Muslims need a Hindu leader

Muslims need a Hindu leader

It was heartwarming to find several newspapers publish photographs of Eid congregations, Navratri and Durga Puja side by side. We shall live to rue the day we take this exquisite mosaic for granted.

The biggest danger to this marvelous tapestry comes from electoral uses of the minority issue. The Sachar Committee report on the socio-economic condition of Muslims was an audacious step taken in good faith by the UPA. But a report of this nature is meaningless without follow up action. It is here that electoral politics trumps altruism.

Since the 80s, atleast, the Congress, including the Muslim component of its leadership, lives in fear that its Hindu vote might slip away because the party, in their faulty perception, if seen to be pro Muslim, will annoy the Hindus. This leads to a cyclical fear that the minorities will desert them.

The quest, therefore, begins for the Muslim leader who will help attract the flock. This is a much more complicated process than most people imagine. It is complicated, because, without our being aware of it, we live in a system of uninstitutionalised apartheid. Monochromatic evolution of settlements around Jama Masjid and Jhandewalan respectively gives an idea of the phenomenon.

The prevalence of this separation entails that the party, say, the Congress will not know which kind of a leader resonates with the community. In the absence of knowledge, the easiest approach is to pitch in for a religious leader. This explains the proliferation of lengthy beards and headgear at official Iftar parties.

Empirical evidence should have taught politician that this variety of Muslim leadership has religious, functional uses rather like the Purohit at marriage ‘pheras,’ but it has limited say in political matters.

Remember, Jamaat-e-Islami in Pakistani had influence on the establishment, but never on the voters. The party seldom won seats upto the 90s. The Muttahida-Majlis-e-Amal (MMA) is the army creation to control secular, political surge. Just as in Kerala where there are ‘Munanis’ with links to the Sangh Parivar but no seat in the assembly.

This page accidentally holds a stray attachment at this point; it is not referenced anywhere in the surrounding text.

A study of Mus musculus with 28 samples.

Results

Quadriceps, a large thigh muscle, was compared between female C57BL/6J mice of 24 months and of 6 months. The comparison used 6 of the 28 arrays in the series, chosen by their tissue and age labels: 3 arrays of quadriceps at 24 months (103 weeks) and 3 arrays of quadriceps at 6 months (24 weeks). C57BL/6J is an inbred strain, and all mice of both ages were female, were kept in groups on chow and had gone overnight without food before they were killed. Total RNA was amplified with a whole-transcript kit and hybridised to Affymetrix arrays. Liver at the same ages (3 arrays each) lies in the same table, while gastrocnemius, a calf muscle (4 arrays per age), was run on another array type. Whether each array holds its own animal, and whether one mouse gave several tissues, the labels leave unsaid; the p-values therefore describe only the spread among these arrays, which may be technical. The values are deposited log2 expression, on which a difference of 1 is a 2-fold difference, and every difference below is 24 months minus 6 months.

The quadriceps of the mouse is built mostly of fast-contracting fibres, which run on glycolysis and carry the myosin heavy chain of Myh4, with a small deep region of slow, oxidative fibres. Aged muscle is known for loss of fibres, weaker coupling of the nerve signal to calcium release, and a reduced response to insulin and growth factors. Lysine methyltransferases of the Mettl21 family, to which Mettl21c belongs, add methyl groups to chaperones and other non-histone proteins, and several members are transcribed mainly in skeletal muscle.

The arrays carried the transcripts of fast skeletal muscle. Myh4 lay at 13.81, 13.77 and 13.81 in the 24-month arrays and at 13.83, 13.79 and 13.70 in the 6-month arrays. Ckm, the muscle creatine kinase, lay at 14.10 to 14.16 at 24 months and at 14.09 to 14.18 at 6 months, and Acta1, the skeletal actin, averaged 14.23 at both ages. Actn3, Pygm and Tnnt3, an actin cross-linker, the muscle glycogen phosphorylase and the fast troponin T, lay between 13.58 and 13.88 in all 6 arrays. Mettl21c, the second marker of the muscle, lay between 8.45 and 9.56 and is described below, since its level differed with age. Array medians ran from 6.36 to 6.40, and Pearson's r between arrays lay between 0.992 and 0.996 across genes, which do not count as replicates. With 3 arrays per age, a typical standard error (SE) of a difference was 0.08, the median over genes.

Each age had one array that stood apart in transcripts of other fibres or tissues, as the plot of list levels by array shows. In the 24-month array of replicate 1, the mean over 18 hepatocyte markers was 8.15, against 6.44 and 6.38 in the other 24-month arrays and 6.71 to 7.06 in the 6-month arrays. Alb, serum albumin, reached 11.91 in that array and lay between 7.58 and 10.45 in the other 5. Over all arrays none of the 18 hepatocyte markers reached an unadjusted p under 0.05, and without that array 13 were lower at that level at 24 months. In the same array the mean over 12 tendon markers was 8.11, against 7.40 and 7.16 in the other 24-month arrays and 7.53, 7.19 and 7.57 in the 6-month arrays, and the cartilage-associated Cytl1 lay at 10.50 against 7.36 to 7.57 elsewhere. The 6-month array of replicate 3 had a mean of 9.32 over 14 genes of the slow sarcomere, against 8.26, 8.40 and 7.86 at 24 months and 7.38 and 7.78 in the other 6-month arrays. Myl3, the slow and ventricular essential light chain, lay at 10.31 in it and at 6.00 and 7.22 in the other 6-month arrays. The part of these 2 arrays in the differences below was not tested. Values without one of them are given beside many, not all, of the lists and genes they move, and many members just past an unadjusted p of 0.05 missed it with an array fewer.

Politicians promoted the senior Imam of Jama Masjid as a Muslim vote catcher. The Imam came a cropper. In fact, the projection of bearded clergy on political platforms has a communalising visual effect. Muslims thus projected come across only as a religious quantity. The whole projection is a falsehood. Of the country’s 150 million Muslims, not even a million would resemble the characters politicians attach to themselves as vote-catchers. Remember the Osama bin Laden look-alike Ram Vilas Paswan carted on his bandwagon during the campaign? Paswan is not even in the Lok Sabha now.

From the clerical extreme, the search lights are then beamed to search the liberal Muslim leader. The liberal Muslim, Hindu, Sikh or Christian leader is a contradiction in terms. You can have a liberal leader who will, per chance, belong to anyone of those denominations. Maulana Azad was a liberal, national leader who happened to be a Muslim. Those who have not read Ghubar-e-Khatir will know nothing of his elegant descriptions of playing sitar by moonlight at the Taj Mahal! Let any of the Imams match that one. Or Azad’s knowledge of the Quran.

Who then should lead the Muslims? Under the given circumstances, not a Muslim certainly, because that choice leads to the sole spokesman syndrome. Remember until his death in 1964 the undisputed leader of Indian Muslims was Jawaharlal Nehru as he was of the majority of Indians. In other words, Muslims need a liberal, secular Hindu to lead them. This does not obviate a leadership role for Muslims.

But these Muslim leaders will require the majority community as well to line up behind them. Only with this cross-knitting can we weld the country together. Only in this fashion can we proceed towards a just society for all, including Muslims. Otherwise tokenism fuels communalism and the falsehood of Muslim appeasement.

What can be done? To begin with, dismantle the Ministry of Minority Affairs. And if you must have such a ministry, place it under a liberal Hindu. Reason? I have never seen a Muslim minister do a jot for Muslims for fear of losing his or her secular credentials. And if you do find the rare Muslim who helps other Muslims, he will instantly open himself to the charge of being communal. A liberal Hindu in that slot can be a much more useful and harmonising entity.

Subsidies and a special air terminal for Haj helps only an infinitesimal minority of Muslims and irritates many more Hindus. Why must the Indian Ambassador to Saudi Arabia be a Muslim?

More to point is the lamentable absence of an Arabic speaking ambassador or even junior staff in any Arab country except, perhaps, Egypt. Why? Somewhere here can we begin to shed tokenism, which irritates, and do the real things which serve the national purpose.